Monday Meal Review: Solomon Islands

Ava’s been saying something disturbing lately. If a toy breaks, she says “let’s buy a new one.” If fruit sits too long in the basket and gets mushy, she says “let’s go to the grocery store.”

She says these things, even with a father who shows her how to build and repair her toys in the garage … Even with a mother who teaches her how to make apple pies with bruised apples. Maybe she says it less than some children, but I’m still concerned, and I’m at a loss with how to handle it.

Our week cooking the Solomon Islands brought the issue into clear relief.

In the Solomon Islands, food is incredibly difficult to grow. There’s mountains. Monsoons.  On the remote islands, locals might have to row to another island just to get to the grocery store.

You get the drift.

Solomon Dugout Canoe from below. Photo by mjwinoz.

Solomon Dugout Canoe from below. Photo by mjwinoz.

Food is not to be wasted. Families must make due with what they have.

This includes eating green papaya and grated cassava, wrapped up in banana leaves, some of the rare indigenous foods.

So, as I grated the cassava (which took a whopping two hours),* I spoke to Ava about the importance of using what we have. Even if it takes a little elbow grease to transform it into something edible.

Something usable.

She listened the way any three and a half year old does, with partial interest and a great deal of misinterpretation regarding the term “elbow grease.”

“What’s bewbow gwease, mama?”

Anyway, I’m hoping that the message of making due with what we have will sink in over time and become palatable, even desirable to her…  It’s just another variation on the important lesson my mother taught me:

“Waste not, want not.”

The question I struggle with is how to teach Ava this lesson, when we are surrounded by stuff, stuff, stuff… all available nearly instantly and without much hardship. For example, we were at a birthday party recently where the child’s presents could have filled half an aisle of the toy store.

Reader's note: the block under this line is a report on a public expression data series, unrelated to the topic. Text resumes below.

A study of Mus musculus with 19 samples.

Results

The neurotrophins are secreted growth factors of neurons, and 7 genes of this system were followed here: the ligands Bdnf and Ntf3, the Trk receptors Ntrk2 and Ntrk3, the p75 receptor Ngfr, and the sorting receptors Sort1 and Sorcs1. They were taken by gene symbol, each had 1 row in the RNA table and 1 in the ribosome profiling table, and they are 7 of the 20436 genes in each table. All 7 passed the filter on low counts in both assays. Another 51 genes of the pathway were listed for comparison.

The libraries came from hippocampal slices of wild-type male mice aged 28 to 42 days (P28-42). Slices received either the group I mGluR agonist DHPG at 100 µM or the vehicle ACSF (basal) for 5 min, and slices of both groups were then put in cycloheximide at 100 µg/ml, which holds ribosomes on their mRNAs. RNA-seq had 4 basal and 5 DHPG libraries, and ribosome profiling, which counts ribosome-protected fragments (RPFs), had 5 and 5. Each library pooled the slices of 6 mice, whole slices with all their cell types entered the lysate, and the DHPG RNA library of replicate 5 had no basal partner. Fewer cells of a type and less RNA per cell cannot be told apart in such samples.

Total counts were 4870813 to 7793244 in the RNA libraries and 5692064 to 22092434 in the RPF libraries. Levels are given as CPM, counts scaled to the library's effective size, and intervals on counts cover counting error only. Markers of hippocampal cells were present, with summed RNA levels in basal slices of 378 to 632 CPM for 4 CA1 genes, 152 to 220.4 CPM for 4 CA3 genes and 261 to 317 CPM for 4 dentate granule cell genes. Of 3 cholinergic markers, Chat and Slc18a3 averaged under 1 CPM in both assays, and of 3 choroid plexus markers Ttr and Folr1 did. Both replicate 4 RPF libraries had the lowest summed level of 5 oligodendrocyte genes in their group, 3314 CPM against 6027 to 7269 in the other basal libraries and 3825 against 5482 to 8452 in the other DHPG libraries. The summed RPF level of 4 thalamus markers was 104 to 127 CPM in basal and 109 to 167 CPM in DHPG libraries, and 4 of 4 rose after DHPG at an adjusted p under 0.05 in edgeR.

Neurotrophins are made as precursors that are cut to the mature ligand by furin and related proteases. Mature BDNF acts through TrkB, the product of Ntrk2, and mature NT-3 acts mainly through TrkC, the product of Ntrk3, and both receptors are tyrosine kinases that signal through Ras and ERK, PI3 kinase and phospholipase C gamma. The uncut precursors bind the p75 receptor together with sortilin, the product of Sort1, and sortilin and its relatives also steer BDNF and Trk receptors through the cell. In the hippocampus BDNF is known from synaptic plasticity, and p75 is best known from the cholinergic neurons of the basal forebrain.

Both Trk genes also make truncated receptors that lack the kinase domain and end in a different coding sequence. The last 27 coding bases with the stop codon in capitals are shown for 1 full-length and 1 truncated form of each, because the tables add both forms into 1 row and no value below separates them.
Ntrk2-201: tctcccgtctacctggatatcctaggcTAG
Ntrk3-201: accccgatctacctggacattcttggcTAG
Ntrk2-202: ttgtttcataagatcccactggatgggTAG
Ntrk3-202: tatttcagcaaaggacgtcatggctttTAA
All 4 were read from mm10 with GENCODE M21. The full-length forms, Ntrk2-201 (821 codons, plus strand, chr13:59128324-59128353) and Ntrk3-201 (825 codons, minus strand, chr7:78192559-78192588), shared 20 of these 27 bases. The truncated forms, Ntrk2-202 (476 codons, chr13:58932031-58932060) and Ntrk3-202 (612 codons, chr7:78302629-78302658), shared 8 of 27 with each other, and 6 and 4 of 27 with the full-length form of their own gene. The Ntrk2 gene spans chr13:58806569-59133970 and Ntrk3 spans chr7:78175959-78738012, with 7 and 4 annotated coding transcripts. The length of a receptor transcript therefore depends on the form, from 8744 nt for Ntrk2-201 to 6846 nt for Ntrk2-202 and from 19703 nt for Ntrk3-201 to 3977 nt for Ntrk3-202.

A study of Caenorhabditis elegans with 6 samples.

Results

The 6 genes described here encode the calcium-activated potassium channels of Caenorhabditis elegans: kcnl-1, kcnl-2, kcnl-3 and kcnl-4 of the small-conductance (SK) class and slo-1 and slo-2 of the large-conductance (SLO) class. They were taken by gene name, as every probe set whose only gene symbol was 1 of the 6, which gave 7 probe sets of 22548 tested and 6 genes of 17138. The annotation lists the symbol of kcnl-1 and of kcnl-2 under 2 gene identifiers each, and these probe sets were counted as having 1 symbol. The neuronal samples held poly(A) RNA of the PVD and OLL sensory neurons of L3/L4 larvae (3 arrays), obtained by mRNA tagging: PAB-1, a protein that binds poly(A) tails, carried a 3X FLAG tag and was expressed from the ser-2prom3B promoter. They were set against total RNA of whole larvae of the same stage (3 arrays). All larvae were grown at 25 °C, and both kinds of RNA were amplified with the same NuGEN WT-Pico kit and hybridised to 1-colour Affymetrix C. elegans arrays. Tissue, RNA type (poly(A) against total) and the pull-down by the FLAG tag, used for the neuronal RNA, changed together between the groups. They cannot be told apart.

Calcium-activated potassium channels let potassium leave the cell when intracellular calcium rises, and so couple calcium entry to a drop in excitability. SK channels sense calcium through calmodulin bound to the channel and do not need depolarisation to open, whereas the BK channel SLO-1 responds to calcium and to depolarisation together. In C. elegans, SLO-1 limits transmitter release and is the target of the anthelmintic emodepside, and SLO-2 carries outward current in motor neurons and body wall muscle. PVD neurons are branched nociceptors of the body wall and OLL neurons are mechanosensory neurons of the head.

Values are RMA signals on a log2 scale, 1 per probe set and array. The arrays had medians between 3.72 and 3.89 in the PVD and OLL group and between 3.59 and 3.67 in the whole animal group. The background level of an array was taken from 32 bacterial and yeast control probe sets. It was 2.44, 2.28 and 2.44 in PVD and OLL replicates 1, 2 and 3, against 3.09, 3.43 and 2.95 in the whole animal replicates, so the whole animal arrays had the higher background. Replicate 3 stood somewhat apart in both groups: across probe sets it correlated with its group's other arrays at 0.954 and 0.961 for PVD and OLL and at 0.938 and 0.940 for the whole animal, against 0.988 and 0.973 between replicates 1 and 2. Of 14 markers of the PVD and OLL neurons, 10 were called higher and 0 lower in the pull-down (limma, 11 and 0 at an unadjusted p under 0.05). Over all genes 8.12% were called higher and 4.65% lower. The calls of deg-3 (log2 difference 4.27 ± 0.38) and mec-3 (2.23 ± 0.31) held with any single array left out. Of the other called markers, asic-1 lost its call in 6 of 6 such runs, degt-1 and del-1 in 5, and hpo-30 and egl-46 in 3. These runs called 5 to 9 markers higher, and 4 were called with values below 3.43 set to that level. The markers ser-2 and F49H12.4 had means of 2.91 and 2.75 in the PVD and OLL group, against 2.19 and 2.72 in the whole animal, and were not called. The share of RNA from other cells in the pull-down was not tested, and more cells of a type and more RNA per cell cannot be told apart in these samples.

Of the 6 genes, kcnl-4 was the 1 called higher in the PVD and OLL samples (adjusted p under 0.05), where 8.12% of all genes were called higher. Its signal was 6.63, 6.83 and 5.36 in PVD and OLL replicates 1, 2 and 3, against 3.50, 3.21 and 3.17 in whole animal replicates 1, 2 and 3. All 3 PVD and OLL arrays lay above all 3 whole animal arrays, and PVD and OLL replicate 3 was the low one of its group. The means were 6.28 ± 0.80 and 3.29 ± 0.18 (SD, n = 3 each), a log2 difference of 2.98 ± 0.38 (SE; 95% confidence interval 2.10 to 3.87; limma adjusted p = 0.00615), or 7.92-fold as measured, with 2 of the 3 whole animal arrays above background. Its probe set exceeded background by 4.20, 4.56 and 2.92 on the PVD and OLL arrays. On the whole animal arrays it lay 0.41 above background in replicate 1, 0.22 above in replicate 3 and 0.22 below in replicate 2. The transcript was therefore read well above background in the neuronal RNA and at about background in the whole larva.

Should this be our normal?

If not, what should it be?

<< I’d love your thoughts >>


Green PawPaw Curry [Recipe]

What I loved most about this dish:

While green papaya is no show stopper on it’s own (she’s watery and a tad bitter, like any green vegetable worth its salt), I couldn’t put my spoon down once she was mixed with curry and coconut milk. I ate so much I rather wished I was in my sweatpants. Thankfully, papaya is super healthy and mostly water… so it’s a little like eating a salad… lots of fluff without much actual rib-sticking going on. Mr Picky was surprised by how much he liked it, as was I.

Since the papaya we get in Tulsa aren’t the greatest, this turns out to be a great way to use them if they’re bland.

What I loved least about this dish:

I made the mistake of giving Ava big pieces of the papaya, which threw her off. I should have cut them very small, so she wouldn’t be overwhelmed by the texture. She didn’t quite get the fruity squish with the savory sauce, although she ate quite a bit of the rice soaked with curry (so she’s at least acquiring a taste for curry).

Cassava & Sweet Potato Pudding [Recipe]

What I loved most about this dish:

Cassava Pudding is dense and comforting, as with all carbs. The difference here are the flavors. By cooking the food in banana leaves, a most wonderful flavor emerges, a little like artichokes… when combined with the coconut milk, the result is hard to put down. I ate three pieces one morning before I’d even realized it. My favorite part has to be the browned edges… yum, yum. Keith liked this one as well, remarking on the coconut taste.

What I loved least about this dish:

Considering my history with cassava (a.k.a. yucca), I expected this to be a complete flop. When it came out of the oven wet and gooey after three and a half hours cooking I was sure I’d failed. Turns out I just needed to let the cassava cool before trying to slice it.  This can be done on the counter or the refrigerator.

That being said… grating cassava and sweet potato for two hours was not my idea of the greatest of times. Turns out, there’s a reason cooking is a social activity in the Solomon Islands – traditional recipes take a long time to prep and bake, leaving ample opportunity for chatter, singing, and even dancing.

*I thought of another way to do this: peel and remove the central fibers from the cassava, then run the remaining cassava through the grater on a food processor. Then, run the grated cassava through the regular blade of the food processor.  I have no idea if it will work, but in the off chance that it does, it’ll save you 2 hours. The other option is to do this with friends and family – make a fun activity out of it.